Considering returning to education? Ways to take the financial sting out of it

It’s never too late to re-educate…

If you’ve reached your later years and didn’t go to university in your youth, you may be worried that you’ve missed the boat. It’s a well-known fact that students are not amongst the richest people in the country, so you’d be forgiven for worrying about the financial strain it could put on you and your family.

However, if returning to education full-time is something you really feel passionate about it, then there are ways around financial concerns. We’ve put together a few ways that you could cost-effectively become a student. Read on to find out more…

Student loans

Most students up to the age of 25 rely on their parents’ income to determine how much financial help they’ll get. If you are over 25, are married or have been supporting yourself financially for three years or more, you’ll be classed as an independent student, so your loan entitlement could differ from that of dependent students.

As a student living in England, you will be entitled to the same type of grant as younger students. This grant, known as the Maintenance Loan, is allocated to students to cover expenses such as accommodation or course study materials.

However, your loan will be determined by your own household income, including your partner’s income.  Use this handy student finance calculator to get an idea of what you could be entitled to.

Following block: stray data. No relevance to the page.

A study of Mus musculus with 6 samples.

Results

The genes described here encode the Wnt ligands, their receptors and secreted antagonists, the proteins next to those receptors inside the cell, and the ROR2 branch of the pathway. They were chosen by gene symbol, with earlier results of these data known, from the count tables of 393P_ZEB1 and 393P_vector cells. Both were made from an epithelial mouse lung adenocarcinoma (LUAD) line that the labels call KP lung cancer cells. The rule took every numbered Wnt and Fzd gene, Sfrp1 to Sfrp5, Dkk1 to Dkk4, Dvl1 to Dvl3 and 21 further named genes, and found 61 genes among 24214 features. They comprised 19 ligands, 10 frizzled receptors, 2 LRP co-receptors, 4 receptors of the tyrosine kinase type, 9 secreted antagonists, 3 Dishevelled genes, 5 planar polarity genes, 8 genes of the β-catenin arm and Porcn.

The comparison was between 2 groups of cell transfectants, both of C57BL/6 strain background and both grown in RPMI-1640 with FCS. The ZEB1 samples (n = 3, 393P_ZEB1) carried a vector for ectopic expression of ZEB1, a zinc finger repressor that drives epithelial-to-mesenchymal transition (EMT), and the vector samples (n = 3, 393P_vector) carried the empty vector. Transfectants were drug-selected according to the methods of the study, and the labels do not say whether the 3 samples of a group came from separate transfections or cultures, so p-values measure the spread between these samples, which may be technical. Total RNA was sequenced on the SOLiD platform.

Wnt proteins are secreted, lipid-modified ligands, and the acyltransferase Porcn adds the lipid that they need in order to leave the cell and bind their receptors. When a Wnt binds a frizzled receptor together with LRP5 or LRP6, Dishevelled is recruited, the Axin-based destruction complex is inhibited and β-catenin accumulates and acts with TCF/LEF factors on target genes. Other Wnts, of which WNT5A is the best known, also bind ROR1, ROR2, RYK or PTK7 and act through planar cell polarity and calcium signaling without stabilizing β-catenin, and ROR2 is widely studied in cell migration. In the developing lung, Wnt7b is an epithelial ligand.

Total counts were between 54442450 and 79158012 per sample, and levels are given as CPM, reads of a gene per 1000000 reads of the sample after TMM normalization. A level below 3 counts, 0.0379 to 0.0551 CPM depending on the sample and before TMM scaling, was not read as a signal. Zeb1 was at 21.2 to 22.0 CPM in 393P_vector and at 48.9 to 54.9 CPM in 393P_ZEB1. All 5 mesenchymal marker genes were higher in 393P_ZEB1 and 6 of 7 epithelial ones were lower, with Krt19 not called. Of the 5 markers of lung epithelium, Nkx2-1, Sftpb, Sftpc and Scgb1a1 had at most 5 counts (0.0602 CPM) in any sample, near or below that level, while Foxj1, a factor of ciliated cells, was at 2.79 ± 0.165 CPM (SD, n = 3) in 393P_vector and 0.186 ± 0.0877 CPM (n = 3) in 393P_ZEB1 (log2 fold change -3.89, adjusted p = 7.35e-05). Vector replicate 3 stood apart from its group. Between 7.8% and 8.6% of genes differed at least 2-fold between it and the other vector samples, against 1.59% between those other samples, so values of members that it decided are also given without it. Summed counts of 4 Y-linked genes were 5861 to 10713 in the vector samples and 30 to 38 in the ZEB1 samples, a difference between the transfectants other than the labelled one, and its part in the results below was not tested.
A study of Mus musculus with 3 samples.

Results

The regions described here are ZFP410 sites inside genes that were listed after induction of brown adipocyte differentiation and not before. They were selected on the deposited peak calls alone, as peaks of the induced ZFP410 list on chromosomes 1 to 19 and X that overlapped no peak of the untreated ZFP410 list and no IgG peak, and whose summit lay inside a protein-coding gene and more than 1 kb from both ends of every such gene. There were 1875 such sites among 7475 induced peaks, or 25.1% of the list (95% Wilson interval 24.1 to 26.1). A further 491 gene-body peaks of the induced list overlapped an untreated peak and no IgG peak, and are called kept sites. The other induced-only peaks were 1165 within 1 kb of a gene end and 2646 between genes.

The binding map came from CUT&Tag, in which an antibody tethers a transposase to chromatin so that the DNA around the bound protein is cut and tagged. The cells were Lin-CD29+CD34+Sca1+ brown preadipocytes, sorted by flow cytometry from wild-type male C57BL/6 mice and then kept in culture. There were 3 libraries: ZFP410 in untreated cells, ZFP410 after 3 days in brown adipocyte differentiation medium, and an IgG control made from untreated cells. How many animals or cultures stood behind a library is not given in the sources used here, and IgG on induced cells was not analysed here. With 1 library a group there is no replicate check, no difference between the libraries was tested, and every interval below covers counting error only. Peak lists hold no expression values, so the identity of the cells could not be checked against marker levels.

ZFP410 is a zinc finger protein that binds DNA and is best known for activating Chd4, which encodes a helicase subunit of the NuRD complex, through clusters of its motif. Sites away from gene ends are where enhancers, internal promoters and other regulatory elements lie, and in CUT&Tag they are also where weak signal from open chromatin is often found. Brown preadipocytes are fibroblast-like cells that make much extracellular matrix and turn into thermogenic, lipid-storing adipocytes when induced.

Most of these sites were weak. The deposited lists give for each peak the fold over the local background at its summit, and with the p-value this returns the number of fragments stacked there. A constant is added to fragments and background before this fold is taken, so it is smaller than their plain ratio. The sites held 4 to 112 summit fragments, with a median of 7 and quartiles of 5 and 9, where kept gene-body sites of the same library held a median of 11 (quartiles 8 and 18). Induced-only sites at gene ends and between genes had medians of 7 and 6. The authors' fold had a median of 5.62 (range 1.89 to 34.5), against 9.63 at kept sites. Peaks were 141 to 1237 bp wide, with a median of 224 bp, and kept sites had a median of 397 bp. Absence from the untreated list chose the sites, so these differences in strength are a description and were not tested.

Consider going part-time

Doing a degree part-time obviously doubles the length of your course. While full-time degrees take three years to complete, studying for a degree part-time can have financial benefits, especially if you’re already employed full-time.

Part-time students only attend lectures and seminars occasionally and are naturally given longer to complete their work, which might be a plus for you if this is your first foray into education in a number of years. With most courses offering evening alternatives, a part-time degree should be easy to work around your current employment.

There is also the other option of going part-time at your place of work if this is possible. This will increase your loan entitlement and decrease the length of time needed to complete the degree.

Think about applying for a scholarship

Universities are quick to realise the hardship some adults may face financially when returning to university. However, universities are also often keen to acknowledge the determination that a mature student is likely to have. After all, you’re potentially giving up a lot in an attempt to further your education and hopefully better your future.

That’s why schemes such as the Mature Student Scholarship and the Access Entry Mature Students Bursary are on hand to help. Worth up to £3,000, these bursaries could really help to boost your income during your return to education. Read about scholarships that could be available to you.If you are set to temporarily relocate in order to attend a particular university, you can also help yourself to reduce moving costs by using a quote comparison site like Compare the Man & Van.